That Which Resonates – Matters!
In "A Matter of One‘s Own" Roni Katz, Manon Parent and Lisa Densem explore bodily memory as a practice of self-empowerment
Their project deals with a self-reflective tool: the dancer and choreographer Roni Katz (from the collective female trouble) invited her colleagues Manon Parent and Lisa Densem to personally confront choreographies to which they’ve felt a special affinity in their past. In reflecting on earlier pieces, they are developing a "piece of their own” using the available material. In a conversation with the dance journalist Alex Hennig, the three tackle the big questions: the value of history and memory, de-canonizing the "canon”, working together in non-hierarchic ways. Their explorations tend to end up on touching on feminism or the seminal question, "What makes us move?”.
Roni, Manon and Lisa: What is your personal interest in the project?
I see a freedom in this project, the ability to position myself as a dancer with autonomy and agency, not needing to be what Roni might want me to be. I was interested in looking back at history and asking what’s still valid about it: What inspired us when we were younger and what’s still important to us now? What still resonates in our bodies? The body of a dancer carries a lot of history.
How does the selection of the original material work? How is this selection related to the final piece?
The pieces themselves are not that important – it is more about what emerges from sharing the material. One might not even recognize the references. We consider the pieces to be gifts we’ve experienced on our personal pathways. We’re dealing with echoes, transmitting them into something new, rather than reconstructing something.
How does this work?
There are always different layers to a particular piece: there is the piece itself, its vocabularies, movement qualities, its dramaturgy. But there are also personal relationships, desires, frustrations and very subjective feelings. It’s a way of considering our past and the experiences we have been through. At the same time, one can say we are de-constructing the focus on the choreography as the "original” and the choreographer as the one possessing the "authorship”. It’s not the material that’s prevalent but it’s rather about the whole dimension of reception: dancing in a piece, watching it as audience member, being told about it … We might start with solos but we’re never alone.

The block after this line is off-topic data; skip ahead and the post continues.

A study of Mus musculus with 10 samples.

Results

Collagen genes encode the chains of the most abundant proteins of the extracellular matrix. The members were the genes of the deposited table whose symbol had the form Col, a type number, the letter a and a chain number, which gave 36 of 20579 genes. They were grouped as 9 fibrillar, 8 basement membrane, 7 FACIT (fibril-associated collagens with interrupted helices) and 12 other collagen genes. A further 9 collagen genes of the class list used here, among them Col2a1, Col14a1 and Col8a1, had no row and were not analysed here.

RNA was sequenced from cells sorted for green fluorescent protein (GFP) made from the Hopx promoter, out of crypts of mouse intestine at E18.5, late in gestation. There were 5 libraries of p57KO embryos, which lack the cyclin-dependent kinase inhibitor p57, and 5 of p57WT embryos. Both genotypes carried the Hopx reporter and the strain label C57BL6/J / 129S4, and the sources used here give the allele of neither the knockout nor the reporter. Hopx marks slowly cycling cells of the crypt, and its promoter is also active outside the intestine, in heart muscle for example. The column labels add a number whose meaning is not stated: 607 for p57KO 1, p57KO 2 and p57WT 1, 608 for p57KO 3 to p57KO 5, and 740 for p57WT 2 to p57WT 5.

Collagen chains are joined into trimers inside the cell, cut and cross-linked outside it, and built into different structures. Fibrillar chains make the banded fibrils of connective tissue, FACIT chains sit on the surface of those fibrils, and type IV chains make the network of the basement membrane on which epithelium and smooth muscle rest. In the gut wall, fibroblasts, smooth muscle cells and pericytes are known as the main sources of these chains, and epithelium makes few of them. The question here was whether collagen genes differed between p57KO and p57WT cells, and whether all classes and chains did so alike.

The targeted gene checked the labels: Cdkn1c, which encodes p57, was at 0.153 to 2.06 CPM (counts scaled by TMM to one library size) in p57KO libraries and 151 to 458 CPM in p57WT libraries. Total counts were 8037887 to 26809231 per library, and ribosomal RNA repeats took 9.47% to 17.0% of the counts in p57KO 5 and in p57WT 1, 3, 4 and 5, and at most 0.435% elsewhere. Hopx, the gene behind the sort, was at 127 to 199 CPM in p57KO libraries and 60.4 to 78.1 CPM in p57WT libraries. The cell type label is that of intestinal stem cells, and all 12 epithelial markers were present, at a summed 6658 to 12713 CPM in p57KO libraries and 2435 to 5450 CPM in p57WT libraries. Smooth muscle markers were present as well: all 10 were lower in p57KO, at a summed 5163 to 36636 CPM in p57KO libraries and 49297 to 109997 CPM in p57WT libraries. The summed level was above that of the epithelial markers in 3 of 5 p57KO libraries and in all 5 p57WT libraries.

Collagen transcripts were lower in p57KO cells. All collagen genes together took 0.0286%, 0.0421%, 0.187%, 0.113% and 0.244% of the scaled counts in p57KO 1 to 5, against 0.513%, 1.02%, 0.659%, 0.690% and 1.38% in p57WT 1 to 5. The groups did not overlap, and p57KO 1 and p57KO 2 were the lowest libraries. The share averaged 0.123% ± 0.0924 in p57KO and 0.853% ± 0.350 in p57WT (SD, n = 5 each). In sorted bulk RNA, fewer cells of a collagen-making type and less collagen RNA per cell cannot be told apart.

How important is the word "canon" for this approach?
I am actually more keen on de-canonizing! And we’re all experiencing different canons – just by the fact that we all come from three different places. There might be a canon in Berlin, our very personal canon, the canon we’ve been experiencing though dance education and repertoire. Through the pieces we see and the work we are doing we can create new reference systems.
What is the subversive act of your project?
We allow ourselves to rewrite and share our history, to focus on our personal approaches. Together with the whole team: Maya Weinberg (dramaturg), Xenia Taniko (set and costume design), Annegret Schalke (light design) and Annett Hardegen (production manager), we’re providing a space where we can feel safe to articulate a vision and to value our experience as dancers. The relations to the original pieces changed – it became more fun. We are flipping roles. It’s not the dancer that serves the piece but the material that serves us.
Last but not least – how do you position the project in the frame of #MeToo?
There’s a lot of hierarchy in the dance world. Being a dancer is not as valued as being a choreographer. It has to do with power dynamics, and the abuse that happens the most is an abuse of power. The open letter to Jan Fabre was published when we started rehearsals. Six women in a room – there was a lot to share. It’s important to stress that talking about it is already a huge step. We’re sharing a space where certain experiences are not to be questioned and this is part of our job as artists: exploring different ways of working. While we might not be able to change the prevailing power structures, we can have a vision and a practice by ourselves; that remains effective. The common approach on a dance piece is very results-oriented. Our value system would change a lot if we would also consider how a piece was made. What if choreographers had to face the requirement: "if we are to like your work – we also need to like your methods”?
All the separate answers by the three have been collected in one (sometimes contradicting, always polyphonic) voice.